A business writer for Forbes recently published a widely-circulated guide with tips on negotiating salary after consulting with a “hard ball” colleague who works at a marketing firm. Her “informant,” who she simply identifies as Don, offers tips such as “If they’ve decided on you, you got ‘em by the balls,” and “Lie about your previous salary.” Among other things, he suggests, go to your present boss, tell him you have an offer, and then “lie about how much the new job is offering and see if you can get more. Negotiate back and forth, depending on which company you want to end up with and how many bridges you want to burn.”
Don was so good at playing his employers that one year he managed to wrangle two different six-month severance packages. “I made 12 months in severance pay and worked only five months,” he wrote.
But then came the kicker: at the bottom of laundry list of tips and advice, he included a postscript: “Of course, this was all then … Now, I beg. I grovel. I take whatever anyone wants to give me. I suck up in ways that would shock others. I thank them profusely, lie to make myself younger and tell them about my nine sick kids so they don’t fire me.”
This raises the question on so many worker’s minds these days: what can a job candidate do in today’s highly competitive climate? Wages have been fairly stagnant in many industries over the past decade; and in areas where they have improved since the great recession, employers still focus on recruiting new hires at the lowest cost. Forbes interviewed three experts in the job seeking process and discovered that Don’s old tricks are, actually, not entirely obsolete. Although no one recommended lying to an employer, all agreed that certain elements of his advice had real merit, such as letting a manager know you are being courted by another employer and using severance pay as leverage.
First, the issue of lying: “It’s highly counterproductive,” claims Orville Pierson, author of The Unwritten Rules of the Highly Effective Job Search. “The person you’re talking to is going to be your next boss. Your career depends on your reputation.”
Rusty Rueff, author of Talent Force: A New Manifesto for the Human Side of Business and former chief officer of human resources at PepsiCo and Electronic Arts, concurs. Rueff explains that job candidates need to follow a code of transparency about why they should be earning given salary. “It’s just like applying for a mortgage or a student loan,” he says. “The hiring manager wants to know there’s a rational explanation behind what you’re asking for.” For instance, if an organization wants you to relocate from San Jose to New York City, and you have children attending private schools, you should let them know that you’re going to be needing $80,000 to cover their tuition.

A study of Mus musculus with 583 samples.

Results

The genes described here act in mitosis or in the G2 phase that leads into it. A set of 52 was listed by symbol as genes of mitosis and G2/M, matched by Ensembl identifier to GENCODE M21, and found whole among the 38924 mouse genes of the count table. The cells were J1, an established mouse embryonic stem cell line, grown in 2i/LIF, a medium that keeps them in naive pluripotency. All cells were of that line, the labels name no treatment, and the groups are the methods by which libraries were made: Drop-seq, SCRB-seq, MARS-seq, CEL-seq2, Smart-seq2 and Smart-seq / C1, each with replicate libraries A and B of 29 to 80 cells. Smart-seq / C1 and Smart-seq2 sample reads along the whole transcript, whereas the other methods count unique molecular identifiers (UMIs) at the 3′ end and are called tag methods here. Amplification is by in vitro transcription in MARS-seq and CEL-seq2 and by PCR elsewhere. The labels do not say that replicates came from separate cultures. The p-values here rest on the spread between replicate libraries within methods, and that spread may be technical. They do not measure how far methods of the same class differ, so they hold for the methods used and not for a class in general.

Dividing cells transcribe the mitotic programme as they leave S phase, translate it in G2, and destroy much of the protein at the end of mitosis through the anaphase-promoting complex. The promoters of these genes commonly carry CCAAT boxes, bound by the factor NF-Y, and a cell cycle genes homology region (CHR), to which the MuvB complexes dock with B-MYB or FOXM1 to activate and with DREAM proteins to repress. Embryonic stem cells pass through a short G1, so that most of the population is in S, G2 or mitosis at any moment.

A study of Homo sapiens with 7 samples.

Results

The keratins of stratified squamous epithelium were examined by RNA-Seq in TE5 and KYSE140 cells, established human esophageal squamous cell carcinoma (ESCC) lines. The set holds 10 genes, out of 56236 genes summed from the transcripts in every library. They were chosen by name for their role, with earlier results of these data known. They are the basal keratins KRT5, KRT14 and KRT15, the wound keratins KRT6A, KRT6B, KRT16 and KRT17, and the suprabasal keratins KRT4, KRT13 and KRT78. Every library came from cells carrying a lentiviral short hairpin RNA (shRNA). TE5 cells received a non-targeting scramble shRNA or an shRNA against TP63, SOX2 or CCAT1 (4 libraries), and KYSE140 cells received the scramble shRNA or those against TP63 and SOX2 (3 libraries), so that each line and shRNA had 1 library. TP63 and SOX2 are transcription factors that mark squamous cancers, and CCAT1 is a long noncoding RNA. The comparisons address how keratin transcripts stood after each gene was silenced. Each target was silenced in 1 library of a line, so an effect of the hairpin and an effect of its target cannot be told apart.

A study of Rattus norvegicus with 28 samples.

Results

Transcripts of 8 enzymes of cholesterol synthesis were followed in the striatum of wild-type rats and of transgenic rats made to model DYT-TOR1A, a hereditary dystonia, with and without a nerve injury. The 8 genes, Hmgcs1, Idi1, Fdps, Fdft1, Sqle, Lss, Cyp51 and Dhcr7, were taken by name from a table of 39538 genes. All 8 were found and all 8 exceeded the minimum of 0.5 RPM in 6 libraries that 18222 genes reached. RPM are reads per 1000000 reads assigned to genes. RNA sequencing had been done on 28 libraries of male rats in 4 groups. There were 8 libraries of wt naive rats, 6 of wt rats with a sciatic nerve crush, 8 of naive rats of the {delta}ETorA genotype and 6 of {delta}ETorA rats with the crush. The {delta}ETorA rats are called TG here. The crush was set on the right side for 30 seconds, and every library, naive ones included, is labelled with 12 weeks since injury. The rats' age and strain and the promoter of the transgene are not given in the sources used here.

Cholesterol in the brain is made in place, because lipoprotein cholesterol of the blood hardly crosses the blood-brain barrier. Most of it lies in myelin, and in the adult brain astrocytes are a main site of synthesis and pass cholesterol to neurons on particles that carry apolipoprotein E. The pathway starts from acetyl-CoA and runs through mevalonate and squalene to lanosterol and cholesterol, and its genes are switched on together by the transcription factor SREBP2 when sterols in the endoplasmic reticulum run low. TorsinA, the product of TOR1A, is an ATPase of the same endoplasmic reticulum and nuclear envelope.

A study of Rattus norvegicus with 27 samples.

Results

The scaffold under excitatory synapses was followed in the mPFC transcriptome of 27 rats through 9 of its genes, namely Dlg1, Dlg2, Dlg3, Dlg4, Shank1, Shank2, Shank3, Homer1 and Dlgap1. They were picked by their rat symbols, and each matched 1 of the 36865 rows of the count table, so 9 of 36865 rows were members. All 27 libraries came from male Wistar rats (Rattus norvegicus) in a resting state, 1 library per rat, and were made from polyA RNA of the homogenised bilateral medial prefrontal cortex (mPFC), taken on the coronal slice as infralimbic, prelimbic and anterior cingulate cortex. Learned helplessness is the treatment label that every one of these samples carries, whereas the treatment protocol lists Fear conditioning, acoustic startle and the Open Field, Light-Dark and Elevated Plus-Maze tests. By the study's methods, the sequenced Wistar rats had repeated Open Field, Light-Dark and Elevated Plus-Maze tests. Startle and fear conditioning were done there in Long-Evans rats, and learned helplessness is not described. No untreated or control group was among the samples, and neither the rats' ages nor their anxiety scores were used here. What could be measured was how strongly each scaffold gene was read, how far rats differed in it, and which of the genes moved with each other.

Yet as Roy Cohen (a seasoned career coach) adds, the salary conversation is most primarily a negotiation, and it behooves you to situate yourself as a valuable asset desired by others. “It’s all about demonstrating that you are the best person to help the employer address any challenges that may exist,” Cohen says, “that you are going to change the course of history at the organization.” He recommends that job seekers continue to demonstrate their value throughout the negotiation process by providing solutions and strategies (whether during face to face meetings and in email correspondence).
Cohen, who wrote The Wall Street Professional’s Survival Guide, also concurs that its helpful to have competing offers, or at least competing “conversations” with potential employers, and make sure the hiring managers are aware of these. “The only way you remain exciting to an employer is by giving the impression that you are dynamic and busy, that you’re consulting and you have other conversations going on,” Cohen says.
However, Rueff and Pierson recommend that applicants also remain humble. Employers want cnaidates who are confident, but not arrogant: “If you look like an egomaniac,” Pierson says, “you’re going to turn people off”. He suggests preparing for interviews by thinking of concrete stories you can share to demonstrate your accomplishments and goals.
When you enter into negotiations, make sure you are well-prepared. First, think critically about what’s of greatest value to you – not just pay, but everything else from non-compete contracts to your office space to vacation time. Where are you willing to compromise, and what parts are a deal-breaker? For some job seekers, the size of their paycheck may be less important than flexibility and time off. Severance is a good negotiating item, because it costs the employer nothing up front. And if you end up in a high-paying but contentious workplace, how much time do you want to spend with your Workers Compensation Lawyer or Employment Attorney for help settling workplace disputes?
One of the trickiest items is how to respond when the employer asks about your current salary. Cohen explains that it can often help to stall, like saying, “I want to figure out if there’s an opportunity for me here.” Or if you’re currently in a low-paying job (for many in Seattle, this means the nonprofit sector!) and hope for a big bump in pay, you might respond by saying, “I’m sure you know I’m coming from a lower-paying industry where salaries are not in line with the private sector.”
Finally, negotiate face to face whenever possible. After getting toe the salary discussion phase, the employer has already decided she wants you on the team. But if you’re sitting across the table from her, Cohen explains, you’re signaling that “there’s more of a commitment.” It’s significantly easier to dismiss someone from a phone chat than to send off a prospective employee who’s right there in your office. So stand your ground!